Tips from a (formerly) disorganised person
February 12, 2016 4:45 pm
Throughout my degree, my approach to getting work done could be succinctly described as “smash it out at the last minute”. I’ve got so many memories of sitting up the night before an essay was due, frantically typing, the heady fragrance of Red Bull in the air, that it’s getting hard to differentiate them. I used to justify it by saying that I needed the pressure to do my best work, but in my head I knew that I was just a super disorganised person.
Thank goodness that we now live in a world where there are heaps of free online tools, aimed at helping frazzled people like me to get it together. I can now proudly say that I am a bona-fide (somewhat) organised person. What’s more, I’m going to let you in on my productivity secrets.
You’re probably wondering why the hell you should even care about organisational tools. Well, there’s two reasons:
1. Planning and Organisation is one of the competencies we assess in the Teach For Australia selection process. If you know that organisation isn’t your strong suit, you’ve got plenty of time to work on this before the 4 September deadline.
2. It will actually make your life better.
I’ve chosen these tools because they are dead easy to use, especially if you haven’t implemented a planning system in your life before. My theory is that a tool has to be simple, or you’ll find it too difficult to incorporate it into your daily routine.
1. Google Calendar. I used to use a paper diary… it was fine, except that my handwriting is the written equivalent of Elaine’s dancing (bewildering and difficult to understand.) I would frequently miss deadlines because I couldn’t read my chicken scratch, or because I’d simply left my diary at home. Google Calendar allows me to access my schedule from any device, plus I can sync both my work and personal diaries.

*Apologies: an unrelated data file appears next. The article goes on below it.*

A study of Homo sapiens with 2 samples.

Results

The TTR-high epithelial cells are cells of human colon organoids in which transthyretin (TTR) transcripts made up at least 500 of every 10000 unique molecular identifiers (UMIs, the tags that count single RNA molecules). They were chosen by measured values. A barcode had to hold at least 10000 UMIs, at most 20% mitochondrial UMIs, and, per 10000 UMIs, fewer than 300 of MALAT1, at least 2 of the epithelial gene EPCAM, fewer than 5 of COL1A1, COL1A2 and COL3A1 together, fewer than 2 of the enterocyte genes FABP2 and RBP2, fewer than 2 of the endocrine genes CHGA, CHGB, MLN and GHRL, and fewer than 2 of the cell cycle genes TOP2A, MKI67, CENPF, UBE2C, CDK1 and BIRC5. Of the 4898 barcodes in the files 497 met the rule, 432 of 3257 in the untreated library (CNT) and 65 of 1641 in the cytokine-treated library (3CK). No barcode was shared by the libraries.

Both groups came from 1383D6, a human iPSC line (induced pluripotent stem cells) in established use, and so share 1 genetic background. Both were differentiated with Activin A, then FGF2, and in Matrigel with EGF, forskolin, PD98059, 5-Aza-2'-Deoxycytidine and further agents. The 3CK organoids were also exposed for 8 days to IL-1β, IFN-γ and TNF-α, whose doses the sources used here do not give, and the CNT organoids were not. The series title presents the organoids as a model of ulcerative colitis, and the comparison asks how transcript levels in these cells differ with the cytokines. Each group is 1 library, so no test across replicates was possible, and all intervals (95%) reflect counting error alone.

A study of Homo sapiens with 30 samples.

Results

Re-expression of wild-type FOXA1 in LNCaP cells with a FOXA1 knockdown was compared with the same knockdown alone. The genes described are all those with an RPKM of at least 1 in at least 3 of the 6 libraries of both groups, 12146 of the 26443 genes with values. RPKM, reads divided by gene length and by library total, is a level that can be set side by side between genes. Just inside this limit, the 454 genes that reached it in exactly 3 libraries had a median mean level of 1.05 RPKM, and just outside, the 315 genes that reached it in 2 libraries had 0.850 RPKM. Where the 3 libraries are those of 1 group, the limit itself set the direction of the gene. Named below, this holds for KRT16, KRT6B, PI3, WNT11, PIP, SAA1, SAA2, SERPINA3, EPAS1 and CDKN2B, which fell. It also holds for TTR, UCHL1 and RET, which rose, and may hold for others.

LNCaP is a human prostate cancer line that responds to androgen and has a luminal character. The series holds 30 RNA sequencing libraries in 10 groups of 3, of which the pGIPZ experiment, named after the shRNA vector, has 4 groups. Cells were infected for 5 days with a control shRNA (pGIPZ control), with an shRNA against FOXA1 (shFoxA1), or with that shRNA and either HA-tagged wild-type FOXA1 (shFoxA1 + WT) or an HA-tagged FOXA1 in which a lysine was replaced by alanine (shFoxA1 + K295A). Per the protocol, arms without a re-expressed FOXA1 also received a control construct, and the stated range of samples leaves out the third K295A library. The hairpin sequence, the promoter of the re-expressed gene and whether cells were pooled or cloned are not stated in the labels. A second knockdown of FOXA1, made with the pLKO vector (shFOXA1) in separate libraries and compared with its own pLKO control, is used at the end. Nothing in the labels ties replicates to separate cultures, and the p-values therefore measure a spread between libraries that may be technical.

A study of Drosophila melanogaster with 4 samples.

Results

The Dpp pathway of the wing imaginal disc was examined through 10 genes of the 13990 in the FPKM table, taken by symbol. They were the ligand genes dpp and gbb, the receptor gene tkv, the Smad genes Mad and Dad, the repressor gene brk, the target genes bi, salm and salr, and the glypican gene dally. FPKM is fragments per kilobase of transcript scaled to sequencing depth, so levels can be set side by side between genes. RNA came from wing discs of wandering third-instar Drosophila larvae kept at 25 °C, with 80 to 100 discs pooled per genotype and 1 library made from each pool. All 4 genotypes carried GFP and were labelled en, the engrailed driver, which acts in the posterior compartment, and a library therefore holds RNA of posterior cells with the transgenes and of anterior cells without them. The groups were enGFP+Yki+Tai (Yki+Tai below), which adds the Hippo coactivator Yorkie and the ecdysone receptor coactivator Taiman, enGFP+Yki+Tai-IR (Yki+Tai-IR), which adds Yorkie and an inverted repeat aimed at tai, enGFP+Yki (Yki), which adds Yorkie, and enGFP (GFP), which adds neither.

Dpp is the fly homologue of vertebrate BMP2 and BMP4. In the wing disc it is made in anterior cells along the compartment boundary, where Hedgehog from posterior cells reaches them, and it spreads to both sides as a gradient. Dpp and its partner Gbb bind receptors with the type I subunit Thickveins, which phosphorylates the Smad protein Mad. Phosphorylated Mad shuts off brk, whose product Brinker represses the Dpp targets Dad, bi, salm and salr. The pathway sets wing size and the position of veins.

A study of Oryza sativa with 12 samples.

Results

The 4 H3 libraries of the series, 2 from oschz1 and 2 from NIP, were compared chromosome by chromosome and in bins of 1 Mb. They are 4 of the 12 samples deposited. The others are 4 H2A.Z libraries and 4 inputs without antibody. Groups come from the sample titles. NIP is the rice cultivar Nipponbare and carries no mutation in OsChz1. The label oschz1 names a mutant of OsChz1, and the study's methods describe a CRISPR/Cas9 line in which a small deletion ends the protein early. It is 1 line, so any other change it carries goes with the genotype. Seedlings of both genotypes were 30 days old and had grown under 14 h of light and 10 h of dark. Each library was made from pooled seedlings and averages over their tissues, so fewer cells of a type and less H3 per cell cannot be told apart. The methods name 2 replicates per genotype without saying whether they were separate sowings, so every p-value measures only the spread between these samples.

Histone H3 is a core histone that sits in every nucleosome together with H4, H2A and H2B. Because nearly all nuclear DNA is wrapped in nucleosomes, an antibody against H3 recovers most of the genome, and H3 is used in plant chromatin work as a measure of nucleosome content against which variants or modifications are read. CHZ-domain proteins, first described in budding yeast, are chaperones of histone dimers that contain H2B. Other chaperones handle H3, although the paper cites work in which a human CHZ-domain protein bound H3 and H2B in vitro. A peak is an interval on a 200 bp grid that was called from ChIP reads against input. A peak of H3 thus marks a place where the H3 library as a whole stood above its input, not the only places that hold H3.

2. Workflowy. It’s like a traditional to-do list, only it does ALL SORTS of awesome stuff. Like Google Calendar, you can access it from anywhere. You can also share lists and collaborate with other people. The best part is that you can categorise dot points using hashtags. So, if I click on the hashtag #Thursday, Workflowy will bring forward all the tasks I have earmarked to do on a Thursday.
3. A Pomodoro Timer. The Pomodoro Technique has totally saved me all those times that I’m meant to be writing a blog for the Pass It On website, but feel the creeping urge to check out ASOS instead. You work solidly for 25 minutes, then reward yourself with a 5 minute break.
If you get onto these tools straight away, you can turn yourself into a planning dynamo by the time September rolls around. What’s more, you’ll probably find more time for all sorts of things in your life. Like making a delicious soba noodle salad. Or filling out the Teach For Australia application.